Mr. Speaker, I am very honoured to rise to debate this matter. I am pleased as well to second this bill, brought to us by the hon. member for Sherwood Park—Fort Saskatchewan. It is the work of Senator Ataullahjan from the other place, the Senate, that led us here. I understand the bill passed with enormous support in the other place and I am hoping that it will have the same level of support here in this place.
Canada is a bit behind the times on this. I note, for example, that the Europeans have for quite some time had a convention entitled “Council of Europe Convention against Trafficking in Human Organs". The hon. member has already set out the cross-party support an initiative like that has had in this place for very many years, and it seems to me that the time has come to join the Europeans and other countries to deal with the scourge of trafficking in human organs this bill seeks to address.
I note that the bill “amends the Criminal Code to create new offences in relation to trafficking in human organs [and tissue]. It also amends the Immigration and Refugee Protection Act to provide that a permanent resident or foreign national is inadmissible to Canada if the Minister of Citizenship and Immigration is of the opinion that they have engaged in any activities relating to trafficking in human organs [or tissue].”
The hon. parliamentary secretary pointed out quite properly the difficulty sometimes of going after people in other jurisdictions. Of course, that has not stopped Canada dealing with sex trafficking, as has been pointed out, or “sex tourism” as it is called. We know that is the case. Also there is a section in Bill S-240 that would require any proceedings to be instituted only with the consent of the Attorney General, therefore making it likely that we could address these practical problems, to which he made reference, through that intermediary.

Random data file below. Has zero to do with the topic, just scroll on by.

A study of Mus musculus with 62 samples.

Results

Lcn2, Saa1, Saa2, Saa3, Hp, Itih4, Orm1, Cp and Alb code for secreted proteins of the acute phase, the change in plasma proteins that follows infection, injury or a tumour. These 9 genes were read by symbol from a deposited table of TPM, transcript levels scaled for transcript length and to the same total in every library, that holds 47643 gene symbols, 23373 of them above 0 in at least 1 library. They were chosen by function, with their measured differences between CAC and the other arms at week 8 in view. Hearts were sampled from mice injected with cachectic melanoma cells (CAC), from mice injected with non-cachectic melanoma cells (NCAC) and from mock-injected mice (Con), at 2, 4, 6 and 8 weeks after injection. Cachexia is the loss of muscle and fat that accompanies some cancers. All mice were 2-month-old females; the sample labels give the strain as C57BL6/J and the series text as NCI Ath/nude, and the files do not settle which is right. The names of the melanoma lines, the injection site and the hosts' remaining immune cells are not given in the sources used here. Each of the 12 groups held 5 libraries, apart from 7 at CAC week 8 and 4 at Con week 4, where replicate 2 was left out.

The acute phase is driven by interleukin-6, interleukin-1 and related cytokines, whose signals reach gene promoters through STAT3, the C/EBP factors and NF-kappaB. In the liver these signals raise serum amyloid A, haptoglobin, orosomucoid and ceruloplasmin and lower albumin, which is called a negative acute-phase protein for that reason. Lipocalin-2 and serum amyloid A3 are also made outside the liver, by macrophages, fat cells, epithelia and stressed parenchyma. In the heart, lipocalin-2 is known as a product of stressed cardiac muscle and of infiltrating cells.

The scourge of organ trafficking is absolutely appalling and its exponential growth should cause concern for every member of this place. In her speech, the senator referred to situations that sound like horror movies. She cited the following:
Waking up in a weary haze in an unfamiliar house on the outskirts of Delhi, India, Khan was greeted by a stranger in a surgical mask and gloves. As he began to ask where he was and what had happened, he was told very curtly, “Your kidney has been removed.”
As another exposé published in the Haaretz newspaper indicates, thousands of Sudanese refugees living in Cairo have fallen victim to the illegal organ trade. These people are among the most desperate and easy prey for people who can simply push them aside, often by putting a mask with anaesthesia over their mouths, taking them to the back of a private clinic and removing organs, the most popular being kidneys, livers and others, and then sending them home after a while, still drugged, maybe unconscious, without the organ in question. Last year Professor Seán Columb of the University of Liverpool published a study showing a connection between the organ-harvesting industry and the societal exclusion of minorities and refugee groups in Cairo.
This is a huge problem. It has grown exponentially according to the experts, in part, as the parliamentary secretary pointed out, due to the fact that the demand has grown and the supply has become limited.
I feel that some practical steps have been taken recently in this place. The member for Calgary Confederation has introduced in the House Bill C-316, which would deal with information from tax records being used for an organ donor registry. That is another initiative I was proud to second and support. As the population ages, the demand will likely increase and these crimes by organized criminals will increase as well.
I do not want to spend much time on this bill. To me, it is a quintessential no-brainer. I want to join the Europeans. I want to join others around the world who are recognizing the scourge of organ trafficking and, as a Canadian, stand proudly with them and deal with this very real problem.
As my friend said earlier, we do not have a problem if we can come together, as other jurisdictions have, and say let us get this done in this Parliament to make a difference in people's lives right now.